ID Number: 2305
Maker: La Raza Graphics
Technique: silkscreen
Date Made: 1984
Place Made: United States: California, San Francisco
Measurements: 59 cm x 44 cm; 23 1/4 in x 17 5/16 in
Main Subject: Chicano/Latino
Materials: paper (fiber product)
Digitized: Y

Full Text:
Chicano Moratorium "Self-Determination in Aztlán!" 1970-1984 ¡Trabajos, No Guerra, Para la Juventud! "Raza Won't Fight U.S. Wars No More!" Sunday, August 26 1-6 p.m. Dolores Park, S.F. Sunrise Celebration 5 a.m., Dolores Park Los Peludos · Orquesta Alegría Baile Folklórico · Teatro Latino Xitlalli Dancers y más! For booth and other info call: (415) 621-1155 (415) 369-1574 Chicano Memorial Day, Wed. August 29th Self-Determination Rally S.F. Federal Building 12:00-1:00 450 Golden Gate Ave. "Build the Chicano Movement Forum" 7:30-10 p.m. 1855 Folsom St. 1st Floor No Vietnams! No Migra Raids! Viva Aztlán Raza Un Jobs Not War US Out Of Central America

Acquisition Number: 1991-098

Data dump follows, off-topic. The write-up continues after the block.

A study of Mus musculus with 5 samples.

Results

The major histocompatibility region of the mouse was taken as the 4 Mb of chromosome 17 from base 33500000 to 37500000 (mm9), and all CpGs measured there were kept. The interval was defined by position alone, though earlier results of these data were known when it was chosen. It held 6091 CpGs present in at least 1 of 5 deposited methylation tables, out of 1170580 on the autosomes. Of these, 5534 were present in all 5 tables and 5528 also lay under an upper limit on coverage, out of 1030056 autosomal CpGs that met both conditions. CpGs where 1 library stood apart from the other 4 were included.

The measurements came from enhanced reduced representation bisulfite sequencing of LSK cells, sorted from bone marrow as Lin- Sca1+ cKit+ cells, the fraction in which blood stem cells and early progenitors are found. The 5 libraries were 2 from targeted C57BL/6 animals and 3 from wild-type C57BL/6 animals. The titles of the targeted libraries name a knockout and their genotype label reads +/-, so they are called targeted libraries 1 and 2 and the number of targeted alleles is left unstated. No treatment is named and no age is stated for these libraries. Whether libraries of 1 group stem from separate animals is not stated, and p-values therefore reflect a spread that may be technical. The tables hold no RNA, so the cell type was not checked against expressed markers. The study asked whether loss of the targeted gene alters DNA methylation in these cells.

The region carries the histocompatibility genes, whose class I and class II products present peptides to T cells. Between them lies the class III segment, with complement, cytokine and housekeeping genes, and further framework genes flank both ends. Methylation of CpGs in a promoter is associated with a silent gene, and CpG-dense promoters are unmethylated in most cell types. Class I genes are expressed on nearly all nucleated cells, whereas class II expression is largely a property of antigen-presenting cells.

Chicano casualties in the Viet Nam War were high. Although the Chicano population officially numbered 10 to 12 percent of the total population of the Southwest, Chicanos comprised over 19 percent of all casualties from this region. In 1969, the Brown Berets formed the National Chicano Moratorium Committee to mobilize Chicano opposition to the Viet Nam War. Their first demonstration was held on December 20, 1969, with 2,000 in attendance. Two months later, 6,000 marched. In March 1970, Chicanos from all over the United States flocked to Denver to the Second Annual Chicano Youth Conference. They planned hundreds of local Chicano moratoria, climaxing with a national moratorium in Los Angeles on August 29. Between 20,000 and 30,000 marched peaceably in East Los Angeles, and then settled down to enjoy the program of music and speeches. Police and Sheriff's deputies used a minor incident as an excuse to break up the demonstration. They rushed into the park in military formation, using clubs and firing tear-gas canisters. Eventually 1200 officers occupied Laguna Park. Mass arrests, beatings, and repeated use of mace followed. Three people died, including Rubén Salazar, after whom Laguna Park was renamed.